An Italian experience. A German conservationist. And a Cypriot dream. A few kilometres to the east of Akhna Dam, in the heart of Cyprus’s Famagusta district, a new hope for birds is taking root. Discover BirdLife Cyprus’s uplifting story of international collaboration.
As far as bird trapping is concerned, our physical presence in the Famagusta district mainly revolves around two things: monitoring trapping levels out in the field or raising awareness and bringing children closer to the world of birds through our school visits. Now, we have even more reasons to be in the area after having leased two plots of land near Frenaros. Why would BirdLife Cyprus lease land in one of the most notorious trapping areas of the island, one may wonder. Well, it is our hope and aim to turn this land into a safe haven for birds: a place where they can safely rest during their migration journey and avoid being illegally killed.
This safe haven covers approximately 29,500 m2 and about half of it is full of many different species of flora, providing a good existing habitat to birds. In the remaining half, we will be planting native species with the aim to create a range of different habitats, from small ponds to a wildflower meadow; to try and accommodate a range of bird species. On 1 November, BirdLife Cyprus visited the site and planted around 350 plants and trees. We planted 16 different species of native and naturalised plants, including lentisk, carob, wild olives, cypress trees, pines and juniper. We did this to create a natural fence on the inside of the man-made one, to screen the inside of the land and create a habitat for wildlife.
The idea of creating a natural reserve in the heart of a trapping region sounds audacious to say the least. We have one man to thank for this bold idea: Christoph Hein, a volunteer for NABU, BirdLife’s German partner. Christoph has been visiting the Messina Straits in Italy for years to support the efforts to combat illegal bird killing. The Messina Straits, on the southern tip of Italy, was once one of Europe’s worst “blackspots” for the illegal killing of raptors. In fact, as many as 5,000 Eurasian Honey-buzzards were illegally killed there every year. In the 1980’s, “anti-poaching camps” began springing in the area, with volunteers coming from all over the world to keep watch over the migrating birds. Their presence alone was an efficient deterrent, and volunteers were quick to report any illegal killing incidents they witnessed.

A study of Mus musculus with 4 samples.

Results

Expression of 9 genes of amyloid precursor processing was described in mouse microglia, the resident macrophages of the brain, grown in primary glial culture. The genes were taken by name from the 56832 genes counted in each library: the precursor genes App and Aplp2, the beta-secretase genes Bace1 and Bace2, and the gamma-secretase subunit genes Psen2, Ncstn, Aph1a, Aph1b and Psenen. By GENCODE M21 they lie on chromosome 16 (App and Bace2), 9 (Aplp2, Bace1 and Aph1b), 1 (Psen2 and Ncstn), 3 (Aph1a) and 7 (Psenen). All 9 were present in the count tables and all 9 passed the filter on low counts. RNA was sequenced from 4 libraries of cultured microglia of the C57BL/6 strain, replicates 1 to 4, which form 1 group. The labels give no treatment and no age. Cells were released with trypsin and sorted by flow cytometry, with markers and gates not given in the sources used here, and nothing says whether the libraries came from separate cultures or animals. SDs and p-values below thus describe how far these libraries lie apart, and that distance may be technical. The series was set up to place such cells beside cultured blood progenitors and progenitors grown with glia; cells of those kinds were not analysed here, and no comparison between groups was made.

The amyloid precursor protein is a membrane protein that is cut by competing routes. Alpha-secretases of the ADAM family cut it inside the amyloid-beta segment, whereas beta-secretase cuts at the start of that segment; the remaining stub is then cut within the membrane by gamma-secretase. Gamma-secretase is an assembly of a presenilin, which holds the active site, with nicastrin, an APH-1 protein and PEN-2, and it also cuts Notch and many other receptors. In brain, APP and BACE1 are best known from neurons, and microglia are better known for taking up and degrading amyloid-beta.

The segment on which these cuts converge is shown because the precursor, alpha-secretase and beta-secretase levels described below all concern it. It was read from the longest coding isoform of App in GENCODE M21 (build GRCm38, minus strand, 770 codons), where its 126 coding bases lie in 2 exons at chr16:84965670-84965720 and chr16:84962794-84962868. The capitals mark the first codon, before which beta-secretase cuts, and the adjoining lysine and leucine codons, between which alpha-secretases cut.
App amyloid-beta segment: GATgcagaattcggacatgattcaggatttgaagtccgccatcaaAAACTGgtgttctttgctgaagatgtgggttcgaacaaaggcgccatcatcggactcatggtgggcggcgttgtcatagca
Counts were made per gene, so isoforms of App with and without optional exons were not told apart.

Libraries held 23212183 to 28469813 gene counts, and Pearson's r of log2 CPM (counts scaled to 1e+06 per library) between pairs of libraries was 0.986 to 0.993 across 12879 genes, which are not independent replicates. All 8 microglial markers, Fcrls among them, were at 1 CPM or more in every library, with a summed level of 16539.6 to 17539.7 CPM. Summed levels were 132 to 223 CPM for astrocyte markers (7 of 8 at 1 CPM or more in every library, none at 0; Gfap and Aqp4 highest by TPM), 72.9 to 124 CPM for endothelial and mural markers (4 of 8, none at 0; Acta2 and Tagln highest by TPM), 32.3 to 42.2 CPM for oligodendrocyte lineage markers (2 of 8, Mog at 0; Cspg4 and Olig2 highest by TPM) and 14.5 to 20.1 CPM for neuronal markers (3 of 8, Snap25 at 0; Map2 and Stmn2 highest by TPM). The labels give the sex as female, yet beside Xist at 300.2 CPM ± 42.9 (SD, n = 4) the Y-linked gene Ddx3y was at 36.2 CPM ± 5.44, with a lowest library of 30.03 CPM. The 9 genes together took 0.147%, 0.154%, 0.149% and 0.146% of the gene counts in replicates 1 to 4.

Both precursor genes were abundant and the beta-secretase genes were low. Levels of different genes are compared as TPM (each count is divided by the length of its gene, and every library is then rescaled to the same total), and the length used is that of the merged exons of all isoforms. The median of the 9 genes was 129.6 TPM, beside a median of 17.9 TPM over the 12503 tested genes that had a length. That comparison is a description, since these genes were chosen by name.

Over the years, this presence at the Messina straits has changed local attitudes, and now members of the community work alongside volunteers to protect the birds that pass through their area. The result has been extraordinary. The number of illegally killed honey buzzards per year has been divided by 50: it’s gone down from 5,000 to only 100. It has been estimated that at least 85,000 Eurasian Honey Buzzards would have perished over the past three decades if illegal killing had not been addressed.
It is with the same hope that we went ahead and created this safe haven for birds in Frenaros. Albeit small, it is in essence our first ever natural reserve, and we are very proud of it. In the future, we hope we can use the area for other purposes as well, such as education, research, and perhaps even for birdwatching. If all goes well, we may be able to expand and make the safe haven even larger. We would like to thank NABU, our BirdLife partner in Germany, for making this possible.